Over the course of my life, I have fallen and risen through various socioeconomic subclasses. Most of my childhood, my parents had us safely tucked into a mid to lower middle class category. Not always though. We struggled at times, and lifestyles changed accordingly. The good news for us was that my mom could make some darn good beans and cornbread, and her rice wasn’t bad either. She would sneak a little sausage or country ham in her beans for flavor (finances permitting), and they would blow your socks off.
Mom, if you are reading this, plan on bringing a crockpot full of beans to the next get-together.
I learned later in life that beans and rice are what economists refer to as “reverse economic indicators,” meaning if sales of rice and beans are on the rise, it implies that people have less income for food, an indicator of a souring economy. For me, Mom and Pop buying beans and rice was an indicator that we were going to be eating beans and rice that week. I never thought about the economics of it.
That is not to say that I didn’t notice differences, though. Hope as I might, the year never came when I had a 64-pack of crayons on the first day of school. The best I ever did was a 48-pack once, and that required negotiations rivaling the length and agony of Jimmy Carter’s efforts to secure peace in the Middle East.
To me, it was worth the challenge. I envied my friends with their very own 64-packs and, Tenth Commandment notwithstanding, I coveted their Burnt Sienna, the subtle shadings of which epitomized what a true crayon collection should be. The built-in sharpener, not included in my measly 24- or 48-pack, was simply salt in the wound.
As an adult, I identified a marker of success upon being able to send my kids to school with a 64-pack of Crayola crayons. I remember when my daughter entered first grade, and I proudly packed the 64-pack into her backpack, imagining how she would stand out among her peers with that Burnt Sienna crayon glowing in her box, not to mention Sepia and Raw Umber!
When she arrived home, I was anxious to hear how her crayons were received by the rest of the class, so I began asking prodding questions about her day in the hopes she would divulge her shining moment without me appearing too vain about it. In the way of 6-year-olds, she told me about every last detail of the day . . . except the crayons. So I finally cut to the chase.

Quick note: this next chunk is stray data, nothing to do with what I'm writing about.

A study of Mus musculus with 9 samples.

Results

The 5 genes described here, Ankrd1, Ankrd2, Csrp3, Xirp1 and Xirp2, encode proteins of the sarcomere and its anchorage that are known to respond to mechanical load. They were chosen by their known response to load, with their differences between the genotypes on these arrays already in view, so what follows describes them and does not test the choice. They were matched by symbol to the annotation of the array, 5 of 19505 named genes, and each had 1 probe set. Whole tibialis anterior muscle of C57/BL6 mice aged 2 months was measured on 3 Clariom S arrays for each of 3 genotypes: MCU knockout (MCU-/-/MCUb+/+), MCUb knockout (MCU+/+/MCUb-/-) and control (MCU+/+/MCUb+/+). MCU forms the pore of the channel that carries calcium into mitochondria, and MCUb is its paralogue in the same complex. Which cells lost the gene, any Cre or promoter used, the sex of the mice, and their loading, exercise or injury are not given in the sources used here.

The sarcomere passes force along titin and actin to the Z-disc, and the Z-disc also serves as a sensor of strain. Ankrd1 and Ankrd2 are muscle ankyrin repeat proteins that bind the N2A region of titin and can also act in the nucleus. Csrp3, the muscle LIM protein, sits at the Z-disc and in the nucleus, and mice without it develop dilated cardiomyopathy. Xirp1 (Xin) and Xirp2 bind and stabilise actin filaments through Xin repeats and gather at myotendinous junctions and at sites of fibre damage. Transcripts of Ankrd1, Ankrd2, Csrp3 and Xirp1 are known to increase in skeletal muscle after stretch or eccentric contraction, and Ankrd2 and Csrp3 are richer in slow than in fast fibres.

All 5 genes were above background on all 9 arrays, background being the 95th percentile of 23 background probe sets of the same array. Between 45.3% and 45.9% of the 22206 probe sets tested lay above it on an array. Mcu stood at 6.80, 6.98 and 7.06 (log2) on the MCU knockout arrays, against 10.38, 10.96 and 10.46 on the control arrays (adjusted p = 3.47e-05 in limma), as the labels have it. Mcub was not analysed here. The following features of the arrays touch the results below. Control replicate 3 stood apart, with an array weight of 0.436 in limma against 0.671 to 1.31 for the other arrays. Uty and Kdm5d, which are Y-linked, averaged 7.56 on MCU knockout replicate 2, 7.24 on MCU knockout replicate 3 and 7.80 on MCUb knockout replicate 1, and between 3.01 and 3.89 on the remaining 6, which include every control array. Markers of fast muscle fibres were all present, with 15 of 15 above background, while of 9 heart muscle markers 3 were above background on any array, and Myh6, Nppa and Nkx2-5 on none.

“Well, tell me about your crayons. Did your new friends like all the different colors?”
She began to speak.
“Here it comes!” I thought with glee, “I have successfully transitioned my kids into being crayon One Percenters.” I had climbed one rung further than my parents and marked my success with a tangible result. I patted myself on the back for accomplishing a lifelong goal.
Words formed on her lips and eventually crossed them, but in my celebratory state, I wasn’t quite sure I heard her correctly. I clarified.
“Uhm, sweetie, did you say your teacher made everyone in the class dump all of their crayons in a bucket?”
“Yes, she didn’t want anyone to feel left out, so we will just share all of them this year.”
I sat in dazed silence. What sort of socialist agenda was this? Denying my right to vicariously flaunt my 64-pack of crayons in the faces of those less fortunate or, heaven forbid, more frugal?
I regained my composure and formed a follow-up question, “Well, what happened to your box with the fancy built-in sharpener?”
“Oh, we threw the boxes away. She has a fancier sharpener that we all will share this year.”
Again . . . dazed silence. What is this word “share” I was hearing so frequently? When I was a kid in school, we did not “share.” We did not “share” lunch, we did not “share” pencils, we did not “share” binders, and we most certainly did not “share” crayons!
This was beyond socialism! This was the communist takeover that Paul Harvey and President Reagan had cautioned us about!
All I could think of were images of that poor, beloved, 64-count Crayola box drenched in the leftover juices of fruit cups, pencil sharpener shavings, and chalk dust as it lay buried and unappreciated in the bottom of a first-grade trash can. No product of such distinction deserved such an unceremonious demise.
As I sat coping with my inner turmoil, still trying to absorb what had happened, a thought came to me.
“Honey, did the other kids get to see your big box of crayons before you dumped them in the container?”
She began nodding before I completed my question, and hope flooded within me. “We all saw each other’s crayons as we dumped them in. One kid had a box of 120. It was awesome! Everybody was jealous.”
Like receiving a punch in the solar plexus, I reeled, slowly accepting that crayons, let alone a 64-count box, were no longer the identified status symbols of my youth.
Rather than wallow in my agony, I maturely moved on to the next item on my checklist.
“Sweetie, have you ever heard of a Member’s Only jacket?”
*This column appeared in the October 21, 2015 edition of The Mountain Press.